Sports were the driving force behind Le Brecht’s passion, and he pursued photography from his high school darkroom, pouring chemicals and processing film, to commercial photography in college and finally a key internship at a television studio in New York City.
"I was exposed to the entire photography department, and all the handlings of it," says Le Brecht. "They had a photo studio on the ninth floor, and they would do the portraits for corporate head shots, portraits for the actors and the newscasters, all the talent. We also did location photography, so I got to go out and learn on the spot as an assistant about location photography and set photography."
Several summers of shooting soap opera stars and on-screen anchors gave Le Brecht incredible experience and skill, but he never lost sight of his true dream. "I got exposed to all those different elements, but in the back of my mind, I always wanted to shoot for Sports Illustrated," he recalls. "So much so, that in my high school yearbook, my photography teacher wrote: ‘When you become famous and shoot for Sports Illustrated, give me a call.’"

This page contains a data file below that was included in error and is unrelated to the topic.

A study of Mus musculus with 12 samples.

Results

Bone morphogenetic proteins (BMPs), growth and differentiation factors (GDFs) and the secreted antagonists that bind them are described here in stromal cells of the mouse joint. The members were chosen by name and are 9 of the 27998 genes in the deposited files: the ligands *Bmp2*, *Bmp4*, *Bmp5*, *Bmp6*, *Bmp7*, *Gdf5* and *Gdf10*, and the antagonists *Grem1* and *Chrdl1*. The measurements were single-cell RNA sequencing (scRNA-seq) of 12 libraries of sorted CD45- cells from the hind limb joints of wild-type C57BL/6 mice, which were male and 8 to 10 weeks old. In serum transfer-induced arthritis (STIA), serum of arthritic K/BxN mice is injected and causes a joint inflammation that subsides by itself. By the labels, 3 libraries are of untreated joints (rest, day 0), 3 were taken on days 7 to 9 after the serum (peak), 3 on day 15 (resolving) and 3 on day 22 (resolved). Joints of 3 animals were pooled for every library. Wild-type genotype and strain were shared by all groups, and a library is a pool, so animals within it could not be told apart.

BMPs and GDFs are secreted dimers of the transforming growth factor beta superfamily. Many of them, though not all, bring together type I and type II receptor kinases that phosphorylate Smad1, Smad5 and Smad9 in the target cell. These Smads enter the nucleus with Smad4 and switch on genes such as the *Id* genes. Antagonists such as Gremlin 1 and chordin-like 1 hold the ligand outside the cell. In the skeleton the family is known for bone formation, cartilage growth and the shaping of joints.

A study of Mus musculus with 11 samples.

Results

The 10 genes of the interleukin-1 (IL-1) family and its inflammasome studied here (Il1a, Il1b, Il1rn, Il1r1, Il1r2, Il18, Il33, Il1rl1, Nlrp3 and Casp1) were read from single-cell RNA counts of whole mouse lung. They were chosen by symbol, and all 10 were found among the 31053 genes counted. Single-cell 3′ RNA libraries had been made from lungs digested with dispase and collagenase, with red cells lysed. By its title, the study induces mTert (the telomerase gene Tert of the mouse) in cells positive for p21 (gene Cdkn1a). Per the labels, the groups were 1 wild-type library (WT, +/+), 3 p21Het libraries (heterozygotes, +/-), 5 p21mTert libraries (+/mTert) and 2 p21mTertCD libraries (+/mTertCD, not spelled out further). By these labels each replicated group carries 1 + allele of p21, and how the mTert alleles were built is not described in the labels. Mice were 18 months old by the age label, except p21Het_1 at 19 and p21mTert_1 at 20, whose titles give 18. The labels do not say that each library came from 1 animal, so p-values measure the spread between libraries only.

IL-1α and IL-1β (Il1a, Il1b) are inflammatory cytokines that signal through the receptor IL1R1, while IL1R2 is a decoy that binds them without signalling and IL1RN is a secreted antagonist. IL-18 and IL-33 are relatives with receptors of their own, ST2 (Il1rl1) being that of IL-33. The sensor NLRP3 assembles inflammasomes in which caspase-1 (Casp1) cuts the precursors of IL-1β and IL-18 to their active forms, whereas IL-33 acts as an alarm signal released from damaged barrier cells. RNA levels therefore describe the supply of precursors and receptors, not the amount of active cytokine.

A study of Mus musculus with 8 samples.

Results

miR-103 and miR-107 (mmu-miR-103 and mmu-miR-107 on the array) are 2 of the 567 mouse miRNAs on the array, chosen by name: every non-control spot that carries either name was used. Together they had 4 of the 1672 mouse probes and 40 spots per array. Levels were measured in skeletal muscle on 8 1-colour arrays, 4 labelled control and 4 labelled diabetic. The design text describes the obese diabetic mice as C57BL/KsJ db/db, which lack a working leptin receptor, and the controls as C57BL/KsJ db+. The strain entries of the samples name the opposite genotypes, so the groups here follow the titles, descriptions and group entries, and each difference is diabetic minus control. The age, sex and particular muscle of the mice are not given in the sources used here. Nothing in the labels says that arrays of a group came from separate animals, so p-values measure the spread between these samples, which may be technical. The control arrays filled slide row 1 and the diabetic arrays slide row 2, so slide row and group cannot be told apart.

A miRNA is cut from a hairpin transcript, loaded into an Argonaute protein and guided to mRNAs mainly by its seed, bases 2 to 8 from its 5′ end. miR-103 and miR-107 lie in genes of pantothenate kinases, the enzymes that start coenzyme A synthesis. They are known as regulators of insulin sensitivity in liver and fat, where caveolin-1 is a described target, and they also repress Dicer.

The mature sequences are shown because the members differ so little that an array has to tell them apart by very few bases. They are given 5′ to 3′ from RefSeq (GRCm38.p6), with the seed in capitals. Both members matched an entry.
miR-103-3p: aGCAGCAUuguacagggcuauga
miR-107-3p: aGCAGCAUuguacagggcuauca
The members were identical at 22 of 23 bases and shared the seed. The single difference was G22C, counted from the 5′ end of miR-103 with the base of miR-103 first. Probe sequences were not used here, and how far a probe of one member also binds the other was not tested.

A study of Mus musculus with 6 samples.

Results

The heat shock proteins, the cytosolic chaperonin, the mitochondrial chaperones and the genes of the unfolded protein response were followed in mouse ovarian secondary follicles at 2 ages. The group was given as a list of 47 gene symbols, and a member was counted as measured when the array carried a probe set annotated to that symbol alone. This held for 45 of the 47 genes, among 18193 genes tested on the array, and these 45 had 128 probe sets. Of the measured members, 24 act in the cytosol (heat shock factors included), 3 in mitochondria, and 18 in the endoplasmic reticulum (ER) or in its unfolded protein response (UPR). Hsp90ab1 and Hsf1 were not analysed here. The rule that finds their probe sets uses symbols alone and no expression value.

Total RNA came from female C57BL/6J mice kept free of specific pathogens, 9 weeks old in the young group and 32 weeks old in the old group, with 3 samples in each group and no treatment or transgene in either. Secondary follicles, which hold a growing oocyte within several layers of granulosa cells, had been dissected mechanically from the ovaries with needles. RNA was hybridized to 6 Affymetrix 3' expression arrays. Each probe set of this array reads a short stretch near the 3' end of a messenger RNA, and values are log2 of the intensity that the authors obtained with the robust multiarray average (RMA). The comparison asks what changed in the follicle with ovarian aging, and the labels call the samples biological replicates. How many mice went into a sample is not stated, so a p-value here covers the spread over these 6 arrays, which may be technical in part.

Le Brecht found out one of the higher-ups in the photo department at the TV studio also worked for SI, and that was all the info he needed. Le Brecht found every excuse to hang around the exec’s office, begging for stories about shooting covers for the magazine, until one day he found himself at a lunch with SI photographer Manny Millan. Millan offered to let the 20-year-old Le Brecht assist at a shoot—a prime-time basketball game at Madison Square Garden. That led to another gig at a game in New Jersey, then a high school game in Washington, D.C., and soon enough Le Brecht was traveling the country as a photo assistant, helping to set up lighting and haul equipment and put together photographs for his dream publication.
Twenty years later, Le Brecht is still living new dreams.